On April 28, 2022, the 2020 European seismic hazard and risk models have been released.
The development of these models is the result of the collaboration of a core team of researchers from different institutions across Europe, including EUCENTRE, worked collaboratively to develop the first openly available Seismic Risk Model for Europe and to update Europe’s Seismic Hazard Model. These models have been part of an effort that started more than 30 years ago and involved several hundreds of researchers from all over Europe. These efforts have been funded by several European projects and supported by national groups over these years.
The work carried out included the updating of the seismic hazard model, which replaced the previous model of 2013, and the implementation of the first open and reproducible European seismic risk model.
Earthquakes cannot be prevented nor precisely predicted, but efficient mitigation measures informed by earthquake hazard and risk models can significantly reduce their impacts. The 2020 European Seismic Hazard and Risk Models offer comparable information on the spatial distribution of expected levels of ground shaking due to earthquakes, their frequency as well as their potential impact on the built environment and on people’s well-being. To this aim, all underlying datasets have been updated and harmonised – a complex undertaking given the vast amount of data and highly diverse tectonic settings in Europe. Such an approach is crucial to establish effective transnational disaster mitigation strategies that support the definition of insurance policies or up-to-date building codes at a European level (e.g. Eurocode 8 ) and at national levels. Open access is provided to both, the European Seismic Hazard and Risk Models, including various initial components such as input datasets.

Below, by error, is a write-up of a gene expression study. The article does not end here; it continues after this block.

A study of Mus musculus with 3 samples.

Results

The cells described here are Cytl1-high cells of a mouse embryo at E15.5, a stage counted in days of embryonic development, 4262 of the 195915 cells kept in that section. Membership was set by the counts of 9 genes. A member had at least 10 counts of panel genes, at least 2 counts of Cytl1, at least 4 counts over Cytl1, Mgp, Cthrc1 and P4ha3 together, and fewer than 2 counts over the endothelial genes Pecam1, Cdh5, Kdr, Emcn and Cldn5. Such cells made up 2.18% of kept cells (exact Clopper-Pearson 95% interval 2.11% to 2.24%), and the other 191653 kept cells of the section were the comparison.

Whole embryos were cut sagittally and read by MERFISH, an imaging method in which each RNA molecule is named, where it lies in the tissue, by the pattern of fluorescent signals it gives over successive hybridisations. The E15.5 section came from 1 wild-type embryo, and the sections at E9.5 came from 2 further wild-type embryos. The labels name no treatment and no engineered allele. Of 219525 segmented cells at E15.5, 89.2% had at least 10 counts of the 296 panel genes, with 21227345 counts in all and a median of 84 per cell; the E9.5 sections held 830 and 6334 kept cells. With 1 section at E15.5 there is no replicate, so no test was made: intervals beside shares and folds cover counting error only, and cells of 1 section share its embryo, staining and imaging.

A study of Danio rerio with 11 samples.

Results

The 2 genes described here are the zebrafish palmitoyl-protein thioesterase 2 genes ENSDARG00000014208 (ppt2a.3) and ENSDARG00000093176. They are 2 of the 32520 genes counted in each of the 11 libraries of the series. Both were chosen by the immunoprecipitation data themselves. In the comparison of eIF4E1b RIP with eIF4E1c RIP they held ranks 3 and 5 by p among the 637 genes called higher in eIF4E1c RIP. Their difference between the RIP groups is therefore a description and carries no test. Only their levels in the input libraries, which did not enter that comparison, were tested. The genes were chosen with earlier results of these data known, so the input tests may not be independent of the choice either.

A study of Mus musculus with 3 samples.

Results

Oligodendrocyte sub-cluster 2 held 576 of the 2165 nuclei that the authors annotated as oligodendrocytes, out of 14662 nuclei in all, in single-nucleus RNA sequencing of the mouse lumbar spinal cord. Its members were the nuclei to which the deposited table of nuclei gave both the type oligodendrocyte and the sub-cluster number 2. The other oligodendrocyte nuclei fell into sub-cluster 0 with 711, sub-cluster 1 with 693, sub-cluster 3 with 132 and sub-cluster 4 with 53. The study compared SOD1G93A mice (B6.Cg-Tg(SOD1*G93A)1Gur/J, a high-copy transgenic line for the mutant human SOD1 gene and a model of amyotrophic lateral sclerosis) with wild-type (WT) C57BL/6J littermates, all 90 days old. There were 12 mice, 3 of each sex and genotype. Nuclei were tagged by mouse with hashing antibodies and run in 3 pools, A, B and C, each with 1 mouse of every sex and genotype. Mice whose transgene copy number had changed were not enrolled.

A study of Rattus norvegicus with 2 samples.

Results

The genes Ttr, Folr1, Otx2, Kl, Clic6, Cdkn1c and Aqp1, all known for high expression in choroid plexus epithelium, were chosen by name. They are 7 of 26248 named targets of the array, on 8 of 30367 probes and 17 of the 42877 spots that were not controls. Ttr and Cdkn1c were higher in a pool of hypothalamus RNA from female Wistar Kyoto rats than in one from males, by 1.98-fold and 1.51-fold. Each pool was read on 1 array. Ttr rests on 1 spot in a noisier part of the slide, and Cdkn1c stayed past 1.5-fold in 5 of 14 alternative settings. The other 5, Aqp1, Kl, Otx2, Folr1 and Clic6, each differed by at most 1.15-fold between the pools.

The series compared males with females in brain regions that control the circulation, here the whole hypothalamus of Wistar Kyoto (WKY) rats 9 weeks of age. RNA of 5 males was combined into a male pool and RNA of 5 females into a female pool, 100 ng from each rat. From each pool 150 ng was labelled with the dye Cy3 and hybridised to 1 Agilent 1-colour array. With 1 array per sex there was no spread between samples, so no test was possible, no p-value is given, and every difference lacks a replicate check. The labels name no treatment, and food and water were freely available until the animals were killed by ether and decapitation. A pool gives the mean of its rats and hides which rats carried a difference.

The EUCENTRE has coordinated the development of the 2020 European Seismic Risk Model. This coordinating role began in the SERA project, where researchers from EUCENTRE led the teams across Europe working on developing the various components of European seismic risk, and organised a number of workshops to involve the wider scientific community and the stakeholders. This task then continued after the SERA project, as part of EUCENTRE’s responsibilities as the EFEHR seismic risk service provider (http://risk.efehr.org/). Researchers from the EUCENTRE have combined the hazard, site response, exposure, and vulnerability models in the computation of seismic risk, have validated the results, and have produced the final products of seismic risk, including the European seismic risk index map.